Good Morning Guys! I am so excited to have this tutorial all about how to install laminate flooring here for you today. Changing the flooring in a room makes such a huge impact, and laminate has gotten better and better over the last few years. There is some very realistic looking hardwood inspired laminate these days, and the best thing is that it is often quite affordable!
My hubby Matt has done quite a bit of flooring installation over the years. He did it as a side job on a few different occasions when he was in college, and also replaced all of our flooring in our first house. That guy really is handy. When it came to our Maker House Renovation, we went with a laminate style floor in just over 50% of the building. It is amazing how it transformed the entire feel of the place!
The great thing about laminate is that it is a floating floor, with a click and lock system so it requires very little prep and just a few tools. You want to make sure your subfloor is level, dry, and clear of any debris.
- circular saw
- laminate tapping block
- laminate pull bar
- hammer or mallet
- optional: mitre saw and table saw
- laminate flooring with 5-10% extra for waste
- optional: laminate glue for first row
Be sure to allow your boxes of flooring to acclimate prior to installation, just check the instructions from the manufacturer, as this can vary based on the type of flooring you select. Essentially you will let the boxes of flooring sit in the room(s) they will be installed in for 2-4 days.
To get started you will need to measure your room, and decide on which way to run your floors. Take the width of your planks and divide your room width by that number to figure out how many boards you will need, and to make sure you are not left with a tiny piece at the end. It is possible that you will need to rip down your first row on a table saw, if your last row will be less than 2″ thick.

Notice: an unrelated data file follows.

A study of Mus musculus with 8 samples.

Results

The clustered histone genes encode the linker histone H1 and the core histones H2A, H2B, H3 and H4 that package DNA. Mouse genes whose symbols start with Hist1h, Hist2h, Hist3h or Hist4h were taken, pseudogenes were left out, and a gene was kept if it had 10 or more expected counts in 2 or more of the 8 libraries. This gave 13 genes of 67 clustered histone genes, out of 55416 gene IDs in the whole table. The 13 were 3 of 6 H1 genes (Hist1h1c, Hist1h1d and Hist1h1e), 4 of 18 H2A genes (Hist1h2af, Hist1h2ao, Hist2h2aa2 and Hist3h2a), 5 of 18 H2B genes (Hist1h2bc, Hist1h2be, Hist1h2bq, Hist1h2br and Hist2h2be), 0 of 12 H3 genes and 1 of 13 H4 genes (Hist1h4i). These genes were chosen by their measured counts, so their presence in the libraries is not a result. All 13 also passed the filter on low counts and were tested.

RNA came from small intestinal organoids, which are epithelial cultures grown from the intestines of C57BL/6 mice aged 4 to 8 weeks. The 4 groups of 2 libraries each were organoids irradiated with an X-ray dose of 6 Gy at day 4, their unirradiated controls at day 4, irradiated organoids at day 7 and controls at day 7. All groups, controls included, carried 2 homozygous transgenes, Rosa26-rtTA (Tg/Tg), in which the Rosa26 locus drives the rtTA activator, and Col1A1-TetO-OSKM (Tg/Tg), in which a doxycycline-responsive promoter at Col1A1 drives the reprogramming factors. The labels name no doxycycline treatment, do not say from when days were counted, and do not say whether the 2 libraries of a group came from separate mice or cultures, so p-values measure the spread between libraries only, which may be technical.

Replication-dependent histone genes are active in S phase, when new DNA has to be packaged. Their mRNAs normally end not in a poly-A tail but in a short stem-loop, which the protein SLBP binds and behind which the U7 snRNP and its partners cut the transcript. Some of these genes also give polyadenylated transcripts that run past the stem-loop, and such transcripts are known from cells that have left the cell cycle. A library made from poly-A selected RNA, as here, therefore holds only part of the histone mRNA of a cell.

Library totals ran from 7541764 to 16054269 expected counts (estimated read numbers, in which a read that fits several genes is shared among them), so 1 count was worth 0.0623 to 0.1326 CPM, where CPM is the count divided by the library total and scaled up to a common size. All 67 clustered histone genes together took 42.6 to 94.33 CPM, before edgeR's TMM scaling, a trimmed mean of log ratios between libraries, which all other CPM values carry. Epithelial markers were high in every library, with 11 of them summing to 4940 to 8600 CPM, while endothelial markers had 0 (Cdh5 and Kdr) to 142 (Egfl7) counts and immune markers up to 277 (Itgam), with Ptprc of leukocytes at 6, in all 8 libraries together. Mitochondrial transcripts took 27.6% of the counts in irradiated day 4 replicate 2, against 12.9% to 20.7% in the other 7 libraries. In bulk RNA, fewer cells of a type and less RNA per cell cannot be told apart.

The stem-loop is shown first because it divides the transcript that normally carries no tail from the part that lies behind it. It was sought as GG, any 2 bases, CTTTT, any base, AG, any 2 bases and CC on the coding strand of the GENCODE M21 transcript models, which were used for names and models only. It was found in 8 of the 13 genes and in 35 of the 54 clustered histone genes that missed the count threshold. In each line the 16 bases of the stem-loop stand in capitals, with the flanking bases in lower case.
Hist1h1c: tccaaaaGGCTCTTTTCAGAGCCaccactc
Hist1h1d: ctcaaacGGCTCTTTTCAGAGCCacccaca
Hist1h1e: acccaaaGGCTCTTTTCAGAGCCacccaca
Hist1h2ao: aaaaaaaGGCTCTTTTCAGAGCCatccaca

I’ve put together an informative 2 minute video on how to install laminate flooring.
My quick tips:
- install your boards in a random pattern, making sure that the same patterns don’t repeat side by side.
- allow at least 6″ of seam overlap through three rows for floor stability
- get a quality underpad
- a 3 person crew is very efficient, but a 2 person crew works well too! Someone to install and mark the boards, and another person to make the cuts
- to minimize waste utilize end cuts as starter pieces where possible
I hope you find this helpful, and at the very least informative! It’s always interesting to me to get a behind the scenes look at how things are done!
Have you ever installed laminate flooring- or perhaps another type? We installed engineered hardwood throughout our main floor addition. It is white oak, and I just love it! it is definitely more time consuming than laminate though, as every board needs to be nailed in place. You can also catch my full tutorial for painting wood floors here and all the details on our barn door install here.
Thanks for stopping by today. If you have a moment I would appreciate a thumbs up on the video, and if you feel inclined please subscribe to my channel. Hope you are having a wonderful day!